C-Suite Career Advice
News | 9 Dec 2014
Name: Vivek Gupta Company: Zensar Technologies Job Title: Chief Executive and Head, Global Infrastructure Management Services Location: Westborough, Massachusetts, US.
What was the most valuable piece of career advice that you received? When I attended the Wharton School’s Advanced Management Program, one of my professors told us these pearls of wisdom which have stayed with me ever since. From day one, he kept saying that if you have 70% of the information, you should go take action. Don’t wait for 100% of the information to become available, because by that time you will, it will be too late. This can be difficult for a perfectionist like me to get used to, but you do not need to dot every “i” and cross every “t” before taking decisive action. Business is an art, not a science.
What advice would you give to someone starting their career in the tech industry? I would tell Millennials to be adventurous, take risks and try to move from function to function to gain an understanding of your business as a whole. For example, if you work in technology, try to understand marketing, sales, delivery, and other aspects of the business. It is this well-rounded understanding of your company’s business that will shorten your path up the corporate ladder.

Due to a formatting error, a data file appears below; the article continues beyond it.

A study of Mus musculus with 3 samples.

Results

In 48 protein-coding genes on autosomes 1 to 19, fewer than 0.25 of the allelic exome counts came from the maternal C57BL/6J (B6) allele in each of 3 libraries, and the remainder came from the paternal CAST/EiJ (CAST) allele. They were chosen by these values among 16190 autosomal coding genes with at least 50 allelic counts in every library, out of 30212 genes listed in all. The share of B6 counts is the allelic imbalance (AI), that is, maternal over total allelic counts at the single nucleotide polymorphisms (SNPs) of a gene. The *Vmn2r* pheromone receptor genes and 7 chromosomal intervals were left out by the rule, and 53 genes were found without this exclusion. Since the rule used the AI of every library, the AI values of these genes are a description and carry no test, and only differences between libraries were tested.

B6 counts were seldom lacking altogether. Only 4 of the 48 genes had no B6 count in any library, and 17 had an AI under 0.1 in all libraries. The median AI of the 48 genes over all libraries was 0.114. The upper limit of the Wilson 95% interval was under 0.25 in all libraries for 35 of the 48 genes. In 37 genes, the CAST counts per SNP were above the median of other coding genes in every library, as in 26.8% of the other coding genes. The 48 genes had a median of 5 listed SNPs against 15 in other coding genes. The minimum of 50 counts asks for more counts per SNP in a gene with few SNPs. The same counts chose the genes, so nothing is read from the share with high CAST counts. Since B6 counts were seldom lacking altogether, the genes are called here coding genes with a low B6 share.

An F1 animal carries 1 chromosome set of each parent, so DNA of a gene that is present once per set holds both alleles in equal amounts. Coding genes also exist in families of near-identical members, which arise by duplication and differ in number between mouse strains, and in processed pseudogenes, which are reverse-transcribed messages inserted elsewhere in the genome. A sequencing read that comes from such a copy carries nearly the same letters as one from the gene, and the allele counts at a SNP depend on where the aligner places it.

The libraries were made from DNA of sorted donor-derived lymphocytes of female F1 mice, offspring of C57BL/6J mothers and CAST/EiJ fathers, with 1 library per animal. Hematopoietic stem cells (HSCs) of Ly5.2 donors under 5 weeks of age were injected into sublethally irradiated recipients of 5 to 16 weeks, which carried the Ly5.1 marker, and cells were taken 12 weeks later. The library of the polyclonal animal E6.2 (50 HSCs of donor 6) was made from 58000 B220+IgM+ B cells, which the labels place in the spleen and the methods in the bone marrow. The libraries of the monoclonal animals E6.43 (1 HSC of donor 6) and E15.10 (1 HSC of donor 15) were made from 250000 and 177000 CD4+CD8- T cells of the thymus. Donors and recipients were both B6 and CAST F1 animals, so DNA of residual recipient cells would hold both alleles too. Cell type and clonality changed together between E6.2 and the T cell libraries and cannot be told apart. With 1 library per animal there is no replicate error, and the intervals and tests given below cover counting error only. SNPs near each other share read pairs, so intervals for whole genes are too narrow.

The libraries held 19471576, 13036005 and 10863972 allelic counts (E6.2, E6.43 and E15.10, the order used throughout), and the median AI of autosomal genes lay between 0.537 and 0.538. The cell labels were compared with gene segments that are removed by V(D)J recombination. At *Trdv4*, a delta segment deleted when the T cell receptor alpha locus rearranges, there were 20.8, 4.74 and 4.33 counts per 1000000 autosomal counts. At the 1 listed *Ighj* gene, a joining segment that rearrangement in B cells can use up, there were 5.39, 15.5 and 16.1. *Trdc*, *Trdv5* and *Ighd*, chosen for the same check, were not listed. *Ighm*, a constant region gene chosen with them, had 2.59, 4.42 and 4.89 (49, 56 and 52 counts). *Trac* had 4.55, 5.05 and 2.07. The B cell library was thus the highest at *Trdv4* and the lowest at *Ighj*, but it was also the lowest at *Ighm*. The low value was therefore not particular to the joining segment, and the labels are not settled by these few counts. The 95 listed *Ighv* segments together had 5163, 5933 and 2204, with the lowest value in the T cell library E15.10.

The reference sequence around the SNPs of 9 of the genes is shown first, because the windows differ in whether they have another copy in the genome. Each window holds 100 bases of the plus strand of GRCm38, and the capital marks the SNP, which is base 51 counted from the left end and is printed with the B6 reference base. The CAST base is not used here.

What tips would you give to someone aiming for a c-level position? People ask me this a lot, and my answer is always this: You have to believe you’re ready for the position, and then start acting like it. Once you decide you’re ready for the c-level, look at yourself in the mirror and tell your reflection that you are already at the c-level, and act that way from that day onward. Too often, people wait to be promoted before acting in that role. Instead you should add value in your organization and contribute in meetings as if you are already at the c-level position. Then, watch how quickly the position comes to you.
Are you particularly proud of any career advice that you’ve given or the career route/development of anyone you’ve mentored? I’m always surprised at how many former employees reach out to me a decade down the road and tell me how the advice I shared with them has helped shape their career. One of these key pieces of advice is to question the status quo. If you keep doing what you’ve always done, you’ll continue to get what you always got. My advice about taking action without getting caught up in every detail is also worth reiterating. I’ve heard that this has stuck with people over the years.